Hapag-Lloyd and Hamburg Sud are in preliminary negotiations over a merger that would create the world’s fourth-largest ocean carrier and likely trigger a fresh round of consolidation in the fragmented container shipping industry.
The German carriers today said they “are investigating if, and under what conditions, a merger of both companies would be of interest.”
A merged carrier would generate revenue of $13 billion a year and operate a fleet of 242 owned and chartered container ships with a further 33 on order.
It would rank fourth, behind Maersk Line, Mediterranean Shipping Co. and France’s CMA CGM, with total capacity of 1.05 million 20-foot-equivalent units and a 6.3 percent world market share, according industry analyst Alphaliner.
The two Hamburg-based carriers have been the subject of periodic merger speculation since negotiations broke down in 1997 because of differences over financial terms and control of a combined line.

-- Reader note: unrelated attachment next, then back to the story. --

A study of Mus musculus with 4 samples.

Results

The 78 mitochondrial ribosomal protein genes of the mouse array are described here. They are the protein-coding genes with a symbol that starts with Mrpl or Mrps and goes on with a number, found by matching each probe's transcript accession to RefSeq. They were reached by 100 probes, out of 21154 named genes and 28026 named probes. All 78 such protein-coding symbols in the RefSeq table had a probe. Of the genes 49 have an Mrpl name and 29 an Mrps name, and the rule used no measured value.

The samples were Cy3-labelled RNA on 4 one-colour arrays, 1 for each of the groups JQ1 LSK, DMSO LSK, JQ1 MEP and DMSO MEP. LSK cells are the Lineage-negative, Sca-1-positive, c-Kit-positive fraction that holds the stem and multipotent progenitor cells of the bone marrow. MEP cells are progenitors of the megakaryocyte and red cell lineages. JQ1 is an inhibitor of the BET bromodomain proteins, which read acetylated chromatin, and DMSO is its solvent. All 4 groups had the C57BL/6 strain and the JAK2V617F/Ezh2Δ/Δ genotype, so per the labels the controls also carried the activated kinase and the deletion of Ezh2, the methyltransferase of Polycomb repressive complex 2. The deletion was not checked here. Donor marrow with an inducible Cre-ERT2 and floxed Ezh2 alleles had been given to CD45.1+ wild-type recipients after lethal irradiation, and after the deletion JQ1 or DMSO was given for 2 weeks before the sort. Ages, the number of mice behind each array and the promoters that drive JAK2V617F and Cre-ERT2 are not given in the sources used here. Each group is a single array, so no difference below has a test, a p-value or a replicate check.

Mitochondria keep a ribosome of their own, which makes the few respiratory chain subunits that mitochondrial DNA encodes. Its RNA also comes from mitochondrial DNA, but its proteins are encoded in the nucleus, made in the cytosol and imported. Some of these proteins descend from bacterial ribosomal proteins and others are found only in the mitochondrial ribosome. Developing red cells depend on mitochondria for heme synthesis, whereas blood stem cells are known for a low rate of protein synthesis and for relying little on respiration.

There would be little overlap in a merged carrier, as Hapag-Lloyd is a major player on the key east-west routes linking Asia, Europe and North America, while Hamburg Sud focuses on the north-south trades and has a strong presence in the fast-growing Latin American market.
As a subsidiary of the family-owned Oetker insurance-to-pizza conglomerate, Hamburg-Sud would be able to quickly make decisions about joining forces with Hapag-Lloyd.
Agreeing on terms would be more complicated for Hapag-Lloyd, which has to satisfy several powerful investors, including the city of Hamburg, which has a 37 percent stake; Klaus-Michael Kuehne, the billionaire owner of global freight forwarder Kuehne + Nagel, who owns just over 28 percent of the carrier; and TUI, Europe’s largest tour operator, which holds a 22 percent stake.
Klaus Michael Kuehne told German business paper Handelsblatt in September that he favored an “ideal” merger with Hamburg Sud so the enlarged carrier could compete with industry leaders Maersk Line and Mediterranean Shipping Co.